Sergey Prokofiev Diaries 19151922: Behind the Mask (英語) ハードカバー – 2008/5/1
"Prokofiev had an extremely dry wit, which results in some fine, bitchy one-liners, from his disdain for Mahler's Seventh Symphony ('like kissing a stillborn child') to his fear of the futurist poet Vladimir Mayakovsky ('I always wonder: is he going to hit me, not for any particular reason, just because?') to his pride at being proclaimed 'best-dressed man in Chicago.' At his best he has a gift for the surprising phrase, the unexpected insight and the occasional laugh-out-loud bon mot. . . . This is an impressively edited work, with Anthony Phillips's footnotes, indexing and appendices all scrupulously detailed and informative."--Owen Hatherley, New Statesman, 1 May 2008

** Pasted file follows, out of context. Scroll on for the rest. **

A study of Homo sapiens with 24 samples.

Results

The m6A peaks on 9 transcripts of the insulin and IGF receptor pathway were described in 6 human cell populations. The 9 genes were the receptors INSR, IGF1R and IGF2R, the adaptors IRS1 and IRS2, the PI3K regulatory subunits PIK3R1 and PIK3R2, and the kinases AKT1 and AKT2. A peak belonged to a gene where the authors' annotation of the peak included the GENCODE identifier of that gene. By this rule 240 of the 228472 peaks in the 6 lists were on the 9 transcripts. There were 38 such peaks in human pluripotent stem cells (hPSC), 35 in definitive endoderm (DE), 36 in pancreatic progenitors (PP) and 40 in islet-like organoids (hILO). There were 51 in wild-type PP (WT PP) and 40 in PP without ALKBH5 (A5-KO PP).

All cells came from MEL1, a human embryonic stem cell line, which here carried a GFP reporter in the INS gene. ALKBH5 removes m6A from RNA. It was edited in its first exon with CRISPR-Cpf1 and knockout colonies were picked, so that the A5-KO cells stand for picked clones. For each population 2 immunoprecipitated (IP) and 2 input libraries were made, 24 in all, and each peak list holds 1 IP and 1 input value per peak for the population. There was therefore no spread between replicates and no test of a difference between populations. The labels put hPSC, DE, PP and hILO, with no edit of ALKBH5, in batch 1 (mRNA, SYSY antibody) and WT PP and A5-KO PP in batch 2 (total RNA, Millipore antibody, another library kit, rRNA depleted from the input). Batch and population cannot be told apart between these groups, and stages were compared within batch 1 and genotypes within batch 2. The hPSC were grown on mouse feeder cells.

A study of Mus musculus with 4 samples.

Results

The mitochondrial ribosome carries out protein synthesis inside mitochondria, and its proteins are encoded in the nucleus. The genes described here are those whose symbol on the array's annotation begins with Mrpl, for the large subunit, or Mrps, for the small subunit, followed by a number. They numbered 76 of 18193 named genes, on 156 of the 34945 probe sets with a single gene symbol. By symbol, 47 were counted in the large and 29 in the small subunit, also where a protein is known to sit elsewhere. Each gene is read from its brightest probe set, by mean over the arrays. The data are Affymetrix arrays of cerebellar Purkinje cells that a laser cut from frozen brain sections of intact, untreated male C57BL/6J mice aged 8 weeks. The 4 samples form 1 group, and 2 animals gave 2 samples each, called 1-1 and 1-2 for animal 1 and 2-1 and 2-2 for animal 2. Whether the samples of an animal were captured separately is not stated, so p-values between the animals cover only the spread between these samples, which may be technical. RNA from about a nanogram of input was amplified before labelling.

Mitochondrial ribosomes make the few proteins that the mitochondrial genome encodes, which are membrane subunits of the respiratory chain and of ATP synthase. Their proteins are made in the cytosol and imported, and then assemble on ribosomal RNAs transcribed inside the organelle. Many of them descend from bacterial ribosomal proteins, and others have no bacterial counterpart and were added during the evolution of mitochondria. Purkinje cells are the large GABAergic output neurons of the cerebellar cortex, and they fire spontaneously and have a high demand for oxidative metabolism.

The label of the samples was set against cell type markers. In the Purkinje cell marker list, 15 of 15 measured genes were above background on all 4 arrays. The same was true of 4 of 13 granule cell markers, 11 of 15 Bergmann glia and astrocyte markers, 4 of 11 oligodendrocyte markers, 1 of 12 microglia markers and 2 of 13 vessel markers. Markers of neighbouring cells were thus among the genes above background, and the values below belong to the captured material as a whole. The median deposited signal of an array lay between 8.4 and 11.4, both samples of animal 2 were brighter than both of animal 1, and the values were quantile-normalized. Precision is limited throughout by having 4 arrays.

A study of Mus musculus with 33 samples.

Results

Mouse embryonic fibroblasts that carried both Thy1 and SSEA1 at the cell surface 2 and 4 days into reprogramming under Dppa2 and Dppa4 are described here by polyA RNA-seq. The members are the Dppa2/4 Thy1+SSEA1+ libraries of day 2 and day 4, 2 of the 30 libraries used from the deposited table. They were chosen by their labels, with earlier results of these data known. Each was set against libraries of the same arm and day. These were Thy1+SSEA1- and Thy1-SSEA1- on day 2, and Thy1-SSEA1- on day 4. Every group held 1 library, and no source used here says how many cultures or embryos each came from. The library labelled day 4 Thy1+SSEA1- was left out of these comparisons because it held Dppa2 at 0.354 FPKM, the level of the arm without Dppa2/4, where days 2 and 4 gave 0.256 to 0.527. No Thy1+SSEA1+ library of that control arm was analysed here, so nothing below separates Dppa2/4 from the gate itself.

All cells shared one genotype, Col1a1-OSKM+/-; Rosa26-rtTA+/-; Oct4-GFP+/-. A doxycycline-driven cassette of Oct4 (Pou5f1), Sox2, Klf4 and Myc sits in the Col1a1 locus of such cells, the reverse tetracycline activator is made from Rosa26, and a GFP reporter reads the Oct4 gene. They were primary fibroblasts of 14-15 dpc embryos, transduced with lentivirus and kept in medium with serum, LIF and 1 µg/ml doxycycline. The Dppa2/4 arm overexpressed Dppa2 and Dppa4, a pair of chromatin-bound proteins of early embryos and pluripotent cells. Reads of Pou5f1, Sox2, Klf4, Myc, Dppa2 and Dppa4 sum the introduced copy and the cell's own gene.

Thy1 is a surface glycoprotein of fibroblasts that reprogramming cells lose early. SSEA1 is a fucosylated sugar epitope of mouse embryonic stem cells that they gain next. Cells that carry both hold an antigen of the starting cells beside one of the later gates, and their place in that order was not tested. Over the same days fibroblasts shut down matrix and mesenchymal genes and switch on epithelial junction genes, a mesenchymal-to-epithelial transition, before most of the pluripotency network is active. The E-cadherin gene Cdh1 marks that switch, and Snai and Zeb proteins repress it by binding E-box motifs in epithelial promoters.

"Anthony Phillips rises to all the demands made by Prokofiev's lucid but delicately nuanced Russian. His translation is accurate almost without a lapse, his tone is consistently faithful to the original, and from time to time he pulls out something truly brilliant. . . . Dedicated professional that he was, Prokofiev still definitely 'had a life.' The amount of space devoted to his personal relationships and pastimes in the diaries as a whole equals that concerning music, and these subjects are approached with similar relish."--G. S. Smith, Times Literary Supplement, June 20, 2008
The personal diaries of Sergei Prokofiev, recently rescued from the State Archives in Moscow by Prokofiev's late son Svyatoslav, are fascinating, entertaining, vivid, witty, colorful and immensely informative reading.
PLEASE CHECK MY COMMENTS ON VOLUME THREE (1924-33 "Prodigal Son") here on Amazon.